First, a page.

Free League’s exploration of hope and dead gods in Coriolis: The Great Dark feels like coming home

Seven years after The Third Horizon, the Swedish publisher returns older and wiser but no less excited to delve into the dark.

Free League’s exploration of hope and dead gods in Coriolis: The Great Dark feels like coming home
Credit: Free League Publishing

There was a point where it seemed as though Free League might pivot to exclusively adapting well-known science fiction film and television projects into tabletop RPGs. Alien, Blade Runner and The Walking Dead—all excellent titles in their own right—signaled a possible new direction for the Swedish studio, trading in its goodwill with lovers of weird, sad, and Scandinavian RPGs (and those with ‘BORG’ in the name) for the consistency of licenced media.

Then, like the peal of thunder that heralds a cleansing storm, the small team of designers and artists announced Coriolis: The Great Dark, pitching the series as a reimagining of the tabletop setting that first introduced the world to Fria Ligan back in 2011. Smaller in scale without sacrificing narrative ambition, this new chapter would follow a tiny civilization of people fleeing an all-consuming war to the very edges of the known galaxy. Here, resources are thin, a foreboding blight lurks in the shadows, and a long-dead culture floats through void like the bones of a dead god.

I spoke with Nils Karlén and Kosta Kostulas, two of Free League’s co-founders and the majority of the creative team conceiving Coriolis' next era. They say you can’t orbit the same planet twice, but gravitational tug leaves a sense memory that these two found hard to shake. Speaking about licensed RPGs, Free League’s early history and the terror of polar expeditions, Karlén and Kostulas are more than excited to show players an altogether different slice of space. Out there in the empty expanse between stars, they felt a homecoming.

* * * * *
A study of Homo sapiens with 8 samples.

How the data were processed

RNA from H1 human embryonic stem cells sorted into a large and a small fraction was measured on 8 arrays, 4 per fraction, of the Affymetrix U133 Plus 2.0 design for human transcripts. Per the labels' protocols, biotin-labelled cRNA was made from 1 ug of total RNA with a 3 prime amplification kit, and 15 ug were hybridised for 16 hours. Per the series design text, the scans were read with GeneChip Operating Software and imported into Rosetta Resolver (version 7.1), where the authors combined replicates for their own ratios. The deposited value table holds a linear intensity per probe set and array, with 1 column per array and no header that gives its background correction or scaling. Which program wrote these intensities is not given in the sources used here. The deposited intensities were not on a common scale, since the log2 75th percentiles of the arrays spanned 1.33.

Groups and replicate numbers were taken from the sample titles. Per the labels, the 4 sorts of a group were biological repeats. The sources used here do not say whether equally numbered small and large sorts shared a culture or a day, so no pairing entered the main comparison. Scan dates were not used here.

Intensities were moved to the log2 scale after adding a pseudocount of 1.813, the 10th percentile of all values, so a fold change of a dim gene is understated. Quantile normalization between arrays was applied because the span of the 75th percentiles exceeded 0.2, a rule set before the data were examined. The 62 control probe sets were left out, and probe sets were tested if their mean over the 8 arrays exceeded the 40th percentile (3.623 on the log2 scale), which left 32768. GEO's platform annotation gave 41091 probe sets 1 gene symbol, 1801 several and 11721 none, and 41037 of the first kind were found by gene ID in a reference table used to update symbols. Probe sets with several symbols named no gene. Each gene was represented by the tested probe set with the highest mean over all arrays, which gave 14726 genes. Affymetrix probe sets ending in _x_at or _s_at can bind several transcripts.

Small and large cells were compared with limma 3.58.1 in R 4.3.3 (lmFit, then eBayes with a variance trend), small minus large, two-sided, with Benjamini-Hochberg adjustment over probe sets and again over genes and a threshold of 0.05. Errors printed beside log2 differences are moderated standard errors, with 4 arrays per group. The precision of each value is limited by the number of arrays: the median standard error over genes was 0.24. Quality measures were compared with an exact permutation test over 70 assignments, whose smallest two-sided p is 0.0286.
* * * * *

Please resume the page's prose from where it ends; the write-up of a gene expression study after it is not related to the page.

This interview was edited for clarity, length, and flow.

Coriolis: The Great Dark's Kickstarter campaign announcement

Charting the Lost Horizon

Chase Carter: How long has [Coriolis: The Great Dark] been in the works?

Nils Karlén: We've been talking about it for a long time. I think we started development on this in 2020. So it's been almost, what, three and a half years? But of that time, I think in active development more like one-and-a-half years. Before that, we did a lot of brainstorming.

Kosta Kostulas: We started planning when we knew we were reaching the end of The Third Horizon and the Mercy of the Icons saga. 

Karlén: For a while, we didn't own the intellectual property, the rights to the name. It was owned by Paradox Interactive. So, we bought it back in 2019. And when we did that, we had a plan that we would do a new edition in some way, but we didn't really know what. Coriolis as a game goes back to the roots of the company, so we've always had this kind of strange connection to this game.